Ranking Member Thompson Hearing Statement
(WASHINGTON) – Today, Committee on Homeland Security Ranking Member Bennie G. Thompson (D-MS) delivered the following prepared remarks for the full Committee hearing entitled Al Shabaab: Recruitment and Radicalization within the Muslim American Community and the Threat to the Homeland:
Today, this committee will hold the third hearing in its series on terrorism and the American Muslim community. In previous hearings, we have heard testimony about young Americans of Somali descent who left this country to join Al Shabaab -- a Somali group that has been designated a Foreign Terrorist Organization by the Department of State. Our discussion of Al Shabaab and America must begin with the facts.
Reliable evidence indicates:
- A small but concerning number of young men have left America to join this group.
- This activity seemed to occur primarily between 2007 and 2009.
- Al Shabaab has fewer than 3,000 members.
- Al Shabaab has never attacked the United States or U.S. interests abroad.
There are other facts we must not ignore. Somalia is currently in the grips of the worse humanitarian crisis in a generation. Against Somalia's backdrop of human suffering caused by natural disaster is the political instability caused by human folly. Somalia has not had a stable government since 1991. It has long been ruled by family groups and clans. Unfortunately, Al Shabaab is one ingredient in this toxic and tragic mix. While I acknowledge that the intelligence community sees a need to monitor Al Shabaab's activities, I also know that vigilance must be in direct proportion to the probability and likelihood of the threat. Al Shabaab does not appear to present any danger to this homeland.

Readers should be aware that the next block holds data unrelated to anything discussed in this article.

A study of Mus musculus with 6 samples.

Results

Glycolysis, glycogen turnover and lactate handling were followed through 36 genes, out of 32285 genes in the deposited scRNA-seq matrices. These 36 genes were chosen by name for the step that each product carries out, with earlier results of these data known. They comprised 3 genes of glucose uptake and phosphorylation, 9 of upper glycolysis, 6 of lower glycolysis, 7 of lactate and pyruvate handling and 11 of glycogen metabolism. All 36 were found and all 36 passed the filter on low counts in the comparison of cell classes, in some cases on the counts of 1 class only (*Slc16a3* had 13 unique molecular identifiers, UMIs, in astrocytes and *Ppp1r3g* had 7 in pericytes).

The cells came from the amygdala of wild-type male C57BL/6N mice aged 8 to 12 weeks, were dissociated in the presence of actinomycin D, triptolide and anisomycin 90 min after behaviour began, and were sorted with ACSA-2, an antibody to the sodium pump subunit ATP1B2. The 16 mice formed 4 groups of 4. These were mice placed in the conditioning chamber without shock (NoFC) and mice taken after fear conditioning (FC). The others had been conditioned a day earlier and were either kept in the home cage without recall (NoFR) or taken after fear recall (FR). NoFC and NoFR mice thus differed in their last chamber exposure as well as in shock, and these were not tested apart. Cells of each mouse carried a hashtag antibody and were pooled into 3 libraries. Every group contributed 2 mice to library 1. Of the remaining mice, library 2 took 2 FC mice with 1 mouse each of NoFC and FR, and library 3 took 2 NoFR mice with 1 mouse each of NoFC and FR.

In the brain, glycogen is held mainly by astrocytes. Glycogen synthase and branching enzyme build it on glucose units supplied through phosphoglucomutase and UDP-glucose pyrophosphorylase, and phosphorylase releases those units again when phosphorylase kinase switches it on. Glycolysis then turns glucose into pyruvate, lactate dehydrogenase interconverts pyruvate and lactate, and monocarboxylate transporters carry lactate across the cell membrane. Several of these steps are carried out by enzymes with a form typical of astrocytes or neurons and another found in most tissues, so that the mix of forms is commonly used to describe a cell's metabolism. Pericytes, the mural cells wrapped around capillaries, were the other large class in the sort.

At the same time, we must wonder whether Americans who joined Al Shabaab would return to this country and commit acts of terrorism. I think that is a fair question that deserves a factual answer. A few people have been convicted in the U.S. for providing support and assistance to Al Shabaab. Many of the young men who were recruited by Al Shabaab have been indicted. Most remain fugitives in Somalia. Some have been killed. But what of the others? When they return from Somalia what will await them here?
As members of this committee know, we cannot discuss methods in an open forum. But it is fair to say that most of these people will be identified and apprehended long before they touch down on American soil. We must also wonder how we can stop young Somali Americans from joining Al Shabaab. The Democratic witness will give a boots-on-the-ground perspective on how we can promote inclusion of new immigrant communities, decrease alienation and undermine radicalization.
The threat of Al Shabaab radicalizing young Americans is a problem we can constructively address. Today marks the third time that this committee has taken up alleged links between terrorism and the American Muslim community. Before these hearings began, I requested that their focus be broadened to include a look at the real and present threat of domestic violent extremism. Those requests were rebuffed. At our first hearing on this subject, uprisings had begun throughout North Africa and the Middle East. At that time, I cautioned that we remember how our words reverberate beyond this room. It bears repeating today.
Last week, in Norway, a domestic terrorist fueled by anti-Islamic ideology waged a multi-phased terrorist attack that included bombing federal buildings and shooting children point-blank at a summer camp for future national leaders. This lone wolf extremist killed nearly 80 people in his anti-Islamic fervor. It is too early to say what the people of Norway will take from this horrific national tragedy. But for me, this incident makes plain that the madness of terrorism cannot be neatly confined to any one religion, one people or one nation.
Let me repeat what I said before we began. This committee needs to examine the threat from lone wolves in our midst.